Wednesday, June 16, 2010

Internal vs. External Forces

Internal vs. External Forces

There are a variety of ways to categorize all the types of forces. All the types of forces can be categorized as contact forces or as action-at-a-distance forces. Whether a force was categorized as an action-at-a-distance force was dependent upon whether or not that type of force could exist even when the objects were not physically touching. The force of gravity, electrical forces, and magnetic forces were examples of forces which could exist between two objects even when they are not physically touching. In this lesson, we will learn how to categorize forces based upon whether or not their presence is capable of changing an object's total mechanical energy. We will learn that there are certain types of forces, which when present and when involved in doing work on objects will change the total mechanical energy of the object. And there are other types of forces which can never change the total mechanical energy of an object, but rather can only transform the energy of an object from potential energy to kinetic energy (or vice versa). The two categories of forces are referred to as internal forces and external forces.

Forces can be categorized as internal forces or external forces. There are many sophisticated and worthy ways of explaining and distinguishing between internal and external forces. Many of these ways are commonly discussed at great length in physics textbooks. For our purposes, we will simply say that external forces include the applied force, normal force, tension force, friction force, and air resistance force. And for our purposes, the internal forces include the gravity forces, magnetic force, electrical force, and spring force.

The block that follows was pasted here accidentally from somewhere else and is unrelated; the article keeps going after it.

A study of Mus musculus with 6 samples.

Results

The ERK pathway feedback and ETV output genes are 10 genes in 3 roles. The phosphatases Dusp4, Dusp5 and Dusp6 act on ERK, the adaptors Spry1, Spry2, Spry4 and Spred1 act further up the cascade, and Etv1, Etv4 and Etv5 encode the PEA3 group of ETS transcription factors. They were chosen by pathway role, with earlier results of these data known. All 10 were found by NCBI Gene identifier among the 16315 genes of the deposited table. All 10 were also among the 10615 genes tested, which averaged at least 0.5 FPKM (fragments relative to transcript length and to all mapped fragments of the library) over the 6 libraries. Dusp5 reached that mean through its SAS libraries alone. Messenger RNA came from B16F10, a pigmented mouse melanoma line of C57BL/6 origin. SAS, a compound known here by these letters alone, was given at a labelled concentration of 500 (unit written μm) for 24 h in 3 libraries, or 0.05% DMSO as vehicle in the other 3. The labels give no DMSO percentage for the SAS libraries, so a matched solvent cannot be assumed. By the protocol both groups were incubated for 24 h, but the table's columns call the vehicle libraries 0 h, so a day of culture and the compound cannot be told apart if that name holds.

Internal Forces

External Forces








The importance of categorizing a force as being either internal or external is related to the ability of that type of force to change an object's total mechanical energy when it does work upon an object. When net work is done upon an object by an external force, the total mechanical energy (KE+PE) that object is changed. If the work is positive work, then the object will gain energy. If the work is negative work, then the object will lose energy. The gain or loss in energy can be in the form of Potential Energy, kinetic energy, or both. Under such circumstances, the work which is done will be equal to the change in mechanical energy of the object. Because external forces are capable of changing the total mechanical energy of an object, they are sometimes referred to as nonconservative forces.

When the only type of force doing net work upon an object is an internal force (for example, gravitational and spring forces), the total mechanical energy (KE+PE) that object remains constant. In such cases, the object's energy changes form. For example, as an object is "forced" from a high elevation to a lower elevation by gravity, some of the potential energy of that object is transformed into kinetic energy. Yet, the sum of the kinetic and potential energies remain constant. When the only forces doing work are internal forces, energy changes forms - from kinetic to potential (or vice versa); yet the total amount of mechanical is conserved. Because internal forces are capable of changing the form of energy without changing the total amount of mechanical energy, they are sometimes referred to as conservative forces.